Five things we learned after the opening round of the Roscommon senior and intermediate football championships…
The Pearses/Boyle rivalry is as sharp as ever
Regardless of what happened in Woodmount on Sunday, it would take a remarkable turn of events for either of these clubs to miss out on knockout football. Despite this, there was no game in Roscommon over the weekend that was played with the same intensity and fire as this fixture, and probably very few all across Ireland.
The memory of 2019 was very much to the fore for both sides as Boyle racked up a 12-point lead, before getting nabbed on the line by Tom Butler’s equaliser. The psychological impact of this result remains to be seen.
St. Brigid’s might be further along their learning curve than we think
Of the 20 players that featured in the Kiltoom-based club’s last county final win three years ago, just six were in action on Saturday evening in the Hyde.
Manager Benny O’Brien was handed the task of rebuilding a side around those few remaining senior men and the bones of last year’s successful U-20 side, and in the absence of a league, he had little or no time in which to do it.
Yet the performances of players like Ciarán Sugrue, Paul McGrath, Ruaidhrí Fallon and Ben O’Carroll against Clann na nGael would suggest that, even without an O’Rourke Cup campaign, these players are ready to hit the ground running.
Gulf in standards at intermediate level
Traditionally, the senior championship is where you’re likely to find a handful of clubs well out in front of the rest.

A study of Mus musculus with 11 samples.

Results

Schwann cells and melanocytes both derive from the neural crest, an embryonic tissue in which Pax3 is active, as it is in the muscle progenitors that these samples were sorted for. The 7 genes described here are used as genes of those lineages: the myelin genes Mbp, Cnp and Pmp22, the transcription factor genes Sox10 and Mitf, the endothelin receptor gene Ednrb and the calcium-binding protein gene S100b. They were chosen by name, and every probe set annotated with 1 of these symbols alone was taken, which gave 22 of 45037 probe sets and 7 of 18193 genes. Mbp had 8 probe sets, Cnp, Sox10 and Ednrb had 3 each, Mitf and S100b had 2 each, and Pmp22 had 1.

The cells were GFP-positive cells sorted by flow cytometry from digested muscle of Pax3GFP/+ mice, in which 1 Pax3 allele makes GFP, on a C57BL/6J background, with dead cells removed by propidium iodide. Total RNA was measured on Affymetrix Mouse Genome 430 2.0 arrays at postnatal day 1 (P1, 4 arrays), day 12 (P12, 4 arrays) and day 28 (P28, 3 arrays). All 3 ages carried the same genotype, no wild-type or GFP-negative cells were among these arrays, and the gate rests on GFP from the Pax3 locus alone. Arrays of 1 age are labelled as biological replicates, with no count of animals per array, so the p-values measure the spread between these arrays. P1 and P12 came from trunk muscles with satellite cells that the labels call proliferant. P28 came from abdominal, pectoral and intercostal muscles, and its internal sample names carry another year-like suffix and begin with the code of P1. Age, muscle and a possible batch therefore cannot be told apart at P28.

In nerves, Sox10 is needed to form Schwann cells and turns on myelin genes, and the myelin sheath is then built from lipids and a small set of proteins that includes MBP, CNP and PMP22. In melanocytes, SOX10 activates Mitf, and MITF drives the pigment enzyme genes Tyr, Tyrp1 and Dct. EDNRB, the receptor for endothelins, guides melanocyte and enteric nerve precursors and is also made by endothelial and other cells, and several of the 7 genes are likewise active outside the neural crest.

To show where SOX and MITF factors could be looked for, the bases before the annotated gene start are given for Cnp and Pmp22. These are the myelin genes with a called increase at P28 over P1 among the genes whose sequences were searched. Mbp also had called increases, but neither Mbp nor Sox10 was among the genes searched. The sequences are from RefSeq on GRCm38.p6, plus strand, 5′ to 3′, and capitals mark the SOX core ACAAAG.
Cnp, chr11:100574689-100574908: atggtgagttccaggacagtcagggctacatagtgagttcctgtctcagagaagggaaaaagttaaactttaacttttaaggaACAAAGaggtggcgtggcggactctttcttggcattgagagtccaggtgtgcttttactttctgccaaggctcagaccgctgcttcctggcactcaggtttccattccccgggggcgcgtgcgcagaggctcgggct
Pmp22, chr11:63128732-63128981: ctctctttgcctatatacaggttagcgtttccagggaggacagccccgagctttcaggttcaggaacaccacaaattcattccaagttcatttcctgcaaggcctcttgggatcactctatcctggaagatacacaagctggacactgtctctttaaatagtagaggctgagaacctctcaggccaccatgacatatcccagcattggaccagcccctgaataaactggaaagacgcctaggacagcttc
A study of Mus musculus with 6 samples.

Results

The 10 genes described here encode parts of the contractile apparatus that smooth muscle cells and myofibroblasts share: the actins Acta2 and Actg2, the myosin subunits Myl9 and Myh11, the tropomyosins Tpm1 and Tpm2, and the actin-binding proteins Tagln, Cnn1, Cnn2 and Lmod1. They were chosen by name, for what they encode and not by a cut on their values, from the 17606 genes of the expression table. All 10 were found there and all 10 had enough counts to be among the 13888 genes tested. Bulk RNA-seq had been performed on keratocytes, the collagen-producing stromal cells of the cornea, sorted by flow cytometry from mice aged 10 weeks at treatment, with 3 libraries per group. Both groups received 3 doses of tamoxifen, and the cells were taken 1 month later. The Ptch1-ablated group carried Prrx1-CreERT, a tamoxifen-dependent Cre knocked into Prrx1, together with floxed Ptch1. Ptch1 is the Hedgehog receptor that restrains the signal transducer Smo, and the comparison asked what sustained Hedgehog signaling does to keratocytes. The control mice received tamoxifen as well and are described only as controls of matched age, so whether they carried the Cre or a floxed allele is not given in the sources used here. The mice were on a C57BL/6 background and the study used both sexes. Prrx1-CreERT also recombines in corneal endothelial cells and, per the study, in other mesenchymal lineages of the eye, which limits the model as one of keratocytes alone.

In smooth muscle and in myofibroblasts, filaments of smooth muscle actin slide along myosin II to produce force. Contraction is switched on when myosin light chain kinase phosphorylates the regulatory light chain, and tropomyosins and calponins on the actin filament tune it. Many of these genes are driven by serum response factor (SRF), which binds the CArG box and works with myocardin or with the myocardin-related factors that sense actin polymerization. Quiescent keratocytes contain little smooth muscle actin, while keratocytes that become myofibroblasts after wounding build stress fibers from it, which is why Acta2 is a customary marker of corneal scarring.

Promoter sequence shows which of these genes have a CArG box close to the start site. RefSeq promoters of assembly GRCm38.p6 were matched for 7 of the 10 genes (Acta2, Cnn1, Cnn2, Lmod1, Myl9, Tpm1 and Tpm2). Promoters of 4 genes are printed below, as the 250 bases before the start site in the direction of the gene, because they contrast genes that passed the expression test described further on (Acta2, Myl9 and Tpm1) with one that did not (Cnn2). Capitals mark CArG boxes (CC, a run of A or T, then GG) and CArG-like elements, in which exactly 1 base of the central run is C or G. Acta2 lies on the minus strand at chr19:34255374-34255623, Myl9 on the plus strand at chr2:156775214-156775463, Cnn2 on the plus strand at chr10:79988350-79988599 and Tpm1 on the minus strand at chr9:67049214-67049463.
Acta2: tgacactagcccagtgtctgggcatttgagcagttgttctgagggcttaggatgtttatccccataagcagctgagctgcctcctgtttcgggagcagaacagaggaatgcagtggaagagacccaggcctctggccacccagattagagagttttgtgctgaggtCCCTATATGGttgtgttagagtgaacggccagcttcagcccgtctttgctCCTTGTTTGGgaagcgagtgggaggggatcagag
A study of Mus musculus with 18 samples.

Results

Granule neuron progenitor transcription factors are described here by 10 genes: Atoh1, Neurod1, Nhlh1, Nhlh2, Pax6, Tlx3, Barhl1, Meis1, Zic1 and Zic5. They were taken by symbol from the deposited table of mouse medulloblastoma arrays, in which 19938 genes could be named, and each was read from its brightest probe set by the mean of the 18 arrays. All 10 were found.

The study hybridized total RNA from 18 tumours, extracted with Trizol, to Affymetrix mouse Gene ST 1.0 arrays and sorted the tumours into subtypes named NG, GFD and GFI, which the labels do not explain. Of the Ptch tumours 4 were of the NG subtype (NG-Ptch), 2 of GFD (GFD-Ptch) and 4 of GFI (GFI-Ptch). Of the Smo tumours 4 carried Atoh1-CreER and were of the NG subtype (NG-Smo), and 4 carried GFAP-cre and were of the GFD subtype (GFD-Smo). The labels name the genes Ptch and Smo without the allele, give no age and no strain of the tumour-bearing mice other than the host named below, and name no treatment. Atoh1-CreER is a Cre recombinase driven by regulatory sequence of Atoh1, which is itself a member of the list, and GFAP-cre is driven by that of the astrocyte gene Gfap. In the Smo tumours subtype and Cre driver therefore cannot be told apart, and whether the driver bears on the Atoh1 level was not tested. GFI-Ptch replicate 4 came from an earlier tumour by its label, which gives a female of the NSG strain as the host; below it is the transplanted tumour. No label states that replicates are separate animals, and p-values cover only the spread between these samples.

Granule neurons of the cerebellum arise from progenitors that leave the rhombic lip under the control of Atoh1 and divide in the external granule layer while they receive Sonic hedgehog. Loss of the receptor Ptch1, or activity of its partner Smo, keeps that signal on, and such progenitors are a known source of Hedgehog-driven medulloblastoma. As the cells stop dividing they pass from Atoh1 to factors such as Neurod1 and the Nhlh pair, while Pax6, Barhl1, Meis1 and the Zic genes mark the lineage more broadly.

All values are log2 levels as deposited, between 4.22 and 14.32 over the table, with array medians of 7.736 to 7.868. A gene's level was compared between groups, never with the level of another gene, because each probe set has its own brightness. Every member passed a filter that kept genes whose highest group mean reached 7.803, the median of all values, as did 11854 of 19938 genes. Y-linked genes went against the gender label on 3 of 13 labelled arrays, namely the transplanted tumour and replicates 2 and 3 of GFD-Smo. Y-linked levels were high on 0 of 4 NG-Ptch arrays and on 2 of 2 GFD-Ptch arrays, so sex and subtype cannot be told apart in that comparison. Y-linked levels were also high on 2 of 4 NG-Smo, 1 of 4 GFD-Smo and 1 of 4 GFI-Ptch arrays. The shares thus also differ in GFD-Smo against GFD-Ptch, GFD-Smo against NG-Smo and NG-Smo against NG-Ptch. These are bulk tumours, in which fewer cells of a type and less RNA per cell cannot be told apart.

That seems to have reversed, based on a weekend where one senior championship match was decided by seven points and the other five by a goal or less, while at intermediate level there was a five-point win for Shannon Gaels and then the other five games saw margins of eight points or more.
To see historically strong clubs like Kilmore, Kilbride and in particular Castlerea St. Kevin’s so far off the pace in the opening round doesn’t bode well for their chances to get back into contention as the season continues.
Short lead-in time may be beneficial for more experienced players
A lot of physiotherapists and sports scientists have predicted a flurry of injuries for players as action resumes after a very short preseason.
Yet it’s also true that an enforced period of rest has allowed players with a lot of miles on the clock to get niggly injuries right and to get back to their best.
This was particularly evident in Lisnamult, where Cathal Cregg, Tommy Gill, Kevin Higgins, Ciarán Cafferky and Derek Moran were all in excellent form for Western Gaels in their 0-10 to 0-7 win over Roscommon Gaels.
Welcome to the intermediate championship party Éire Óg
This could be as much about how poor Castlerea St. Kevin’s were against their neighbours across the club boundary on Sunday but, apart from the much-heralded arrival of Conor Cox, there was much to like about Éire Óg during their emphatic victory in Ballinlough.
Cox will bring the X-Factor but it was interesting to note other players like Liam Creaton, Mark O’Brien and Jason Doory flourishing in the company of the Roscommon star.
Creaton’s shoulder injury is a concern but beating Castlerea by nine points, irrespective of how poor the opposition was, should catapult Éire Óg into a more meaningful championship discussion later this year.